For the beginning beekeeper
If you are planning to take up the fascinating hobby of beekeeping this spring, there are several things you need to do now. You must decide on the type of hive you will use to house your bees. Most beekeepers use the Langstroth type hive, but topbar and Warre hives are growing in popularity. Even if you chose the Langstroth hive, you still have further decision as to the hive width (8 or 10 frame) and the depth (deep, medium or shallow). With the Langstroth, you may chose to use foundation or not. If you will be using foundation, you may chose beeswax or plastic coated with beeswax foundation. Foundation has an imprint of the hexagonal cell base which bees use as a guide to build their comb. Bees of course can and do build comb with out a guide, but foundation guides the bees to build combs within a moveable frame. In Pennsylvania and many other places, combs that cannot be removed for disease inspection are illegal. Foundation is now available as small cell (4.9 mm) or regular (5.4mm) diameters. Some claim that small cell foundation helps the bees to control the pest, Varroa destructor.
In addition to choosing the type of hive, you must also choose the race or strain of bees. All the honey bees kept in North and South America are strains of Apis mellifera (the Western or European honey bee). However, there are several strains having differencing characteristics. I advise that you read about these various strains before choosing. Some strains may be difficult to obtain. Most beginners purchase either a package or a nuc (nucleus colony) to populate their new hive. The most common starting unit is a 3 pound package of bees that may be obtained from (usually) southern beekeepers. A package may be delivered either by mail or by a beekeeper that drives the packages north. Packages regularly sell out, so order now. A few nucs may be available from local beekeepers. Nucs are usually more expensive than a package, but have the benefit of more rapid development compared to a package.
While waiting for spring, it is essential that you prepare your chosen hive in advance of the arrival of your bees. Furthermore, you must educate your self on the science and art of beekeeping. I advise taking an introductory course on beekeeping that may be available locally or on-line. Additionally, read as much as possible about bees. Many books are available for purchase, and your local library may also have beekeeping books. A mentor is very valuable. Join a local beekeeping club and regularly attend meetings to meet beekeepers. Most beekeeper are willing to answer questions. Honey bee management is influenced by local conditions, and local beekeepers can offer local advice.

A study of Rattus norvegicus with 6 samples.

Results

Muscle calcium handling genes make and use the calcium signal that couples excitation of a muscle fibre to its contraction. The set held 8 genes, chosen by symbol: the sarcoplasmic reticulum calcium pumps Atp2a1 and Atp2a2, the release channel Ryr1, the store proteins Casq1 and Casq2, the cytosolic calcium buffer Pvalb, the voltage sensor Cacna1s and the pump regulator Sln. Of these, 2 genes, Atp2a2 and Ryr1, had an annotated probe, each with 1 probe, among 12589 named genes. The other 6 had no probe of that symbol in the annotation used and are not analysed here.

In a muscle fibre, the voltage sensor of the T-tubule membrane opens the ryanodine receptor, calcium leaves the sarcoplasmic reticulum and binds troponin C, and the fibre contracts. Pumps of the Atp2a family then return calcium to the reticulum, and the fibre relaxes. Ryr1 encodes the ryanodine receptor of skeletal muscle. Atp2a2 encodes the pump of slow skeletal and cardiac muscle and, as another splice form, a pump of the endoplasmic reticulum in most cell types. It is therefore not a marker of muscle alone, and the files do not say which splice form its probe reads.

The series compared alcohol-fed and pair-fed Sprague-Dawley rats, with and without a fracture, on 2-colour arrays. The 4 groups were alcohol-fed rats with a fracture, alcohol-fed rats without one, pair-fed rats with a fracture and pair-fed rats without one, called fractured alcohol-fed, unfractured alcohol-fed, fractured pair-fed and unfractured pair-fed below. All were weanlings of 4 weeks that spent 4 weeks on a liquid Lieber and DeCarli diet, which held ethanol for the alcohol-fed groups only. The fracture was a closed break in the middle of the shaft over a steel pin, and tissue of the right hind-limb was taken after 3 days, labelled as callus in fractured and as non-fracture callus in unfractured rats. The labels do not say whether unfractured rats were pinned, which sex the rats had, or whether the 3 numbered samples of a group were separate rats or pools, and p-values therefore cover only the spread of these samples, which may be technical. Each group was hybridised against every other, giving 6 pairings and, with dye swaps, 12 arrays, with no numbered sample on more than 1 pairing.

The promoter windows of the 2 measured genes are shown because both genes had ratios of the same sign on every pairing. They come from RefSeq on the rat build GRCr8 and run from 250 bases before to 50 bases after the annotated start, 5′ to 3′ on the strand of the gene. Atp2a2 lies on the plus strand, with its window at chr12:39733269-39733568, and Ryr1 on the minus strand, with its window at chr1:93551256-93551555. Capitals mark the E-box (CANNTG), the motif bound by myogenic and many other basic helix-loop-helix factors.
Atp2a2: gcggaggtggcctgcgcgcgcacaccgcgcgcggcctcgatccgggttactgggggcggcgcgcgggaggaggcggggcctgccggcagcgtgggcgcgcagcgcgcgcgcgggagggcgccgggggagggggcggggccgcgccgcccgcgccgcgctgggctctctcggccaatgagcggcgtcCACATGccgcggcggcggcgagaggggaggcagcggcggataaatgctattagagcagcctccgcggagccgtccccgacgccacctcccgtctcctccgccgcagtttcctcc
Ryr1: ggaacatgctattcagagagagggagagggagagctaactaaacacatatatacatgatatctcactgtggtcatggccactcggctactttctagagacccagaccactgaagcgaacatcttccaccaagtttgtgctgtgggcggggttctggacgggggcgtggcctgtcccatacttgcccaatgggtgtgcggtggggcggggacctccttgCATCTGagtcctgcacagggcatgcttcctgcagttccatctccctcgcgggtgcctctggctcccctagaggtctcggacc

For the established beekeeper
If you plan on increasing the number of hives you manage, now is the time to act. Order and assemble all the equipment you will need. Even better, order some extra equipment to take advantage of an unexpectedly large honey crop or extra swarms!
There are many different ways to increase your numbers: swarms, packages, or splits, with or without purchased queens.
Swarms are wonderful, but they are a chance event and require time and effort. Thus, although swarms can be valuable for drawing new comb and/or producing comb honey, they cannot be relied on for increasing the number of hives. Because bees in a swarm may be carrying American Foul Brood (AFB) spores in their honey crop, swarms should always be hived without drawn comb. When hived on drawn comb, bees in a swarm will transfer their honey to the comb, including any AFB spores present, thus contaminating the comb. However, if the bees initially have no drawn comb, they will eat the contents of their honey crop and thereby digest the AFB spores. Hive a swarm on foundation, frames with a wax starter strip or foundationless frames.
Packages are a good way to increase your hive number, but your must place your order for packages now as the number of packages are limited. Hiving packages on foundation is recommended to reduce the risk of spreading AFB, as mentioned for swarms (above). Under ideal management, a package of bees will take 8 to 10 weeks to reach a population of 50,000 bees. This means that a package obtained on April 1, is unlikely to make surplus honey from a nectar flow that occurs in mid-May. However, a package may produce honey if later nectar flows are available in your area.
Making splits is usually a better way to increase hive number than buying packages, since a split will have brood to sustain the population during the time eggs laid by the new queen develop into adult bees. If you will be purchasing queens for your splits, place your orders now as queens for the early spring sell out quickly. It would be ideal if you could obtain a queen 6 weeks (or more) before the main nectar flow in your area. If you will be raising your own queens, you will have to wait until the spring weather allows colonies to produce sexually mature drones and queens. Remember that drones take approximately 24 days from egg to adult and then another approximately 14 days to become sexually mature (total about 38 days). In contrast, queens take only 16 days from egg to adult and then about a week to become sexually mature (total about 23 days). This means that colonies must start raising drones about 2 weeks before you can start raising queens. However, colonies will not raise drones until they have adequate food supply, especially of pollen. Furthermore, if pollen collection is interrupted due to cold and/or rainy weather, the mature drones may be kicked out of the colony, leaving the virgin queen without sufficient numbers of drones. To ensure an early supply of drones (and queen cells) feeding pollen or pollen substitute is recommended.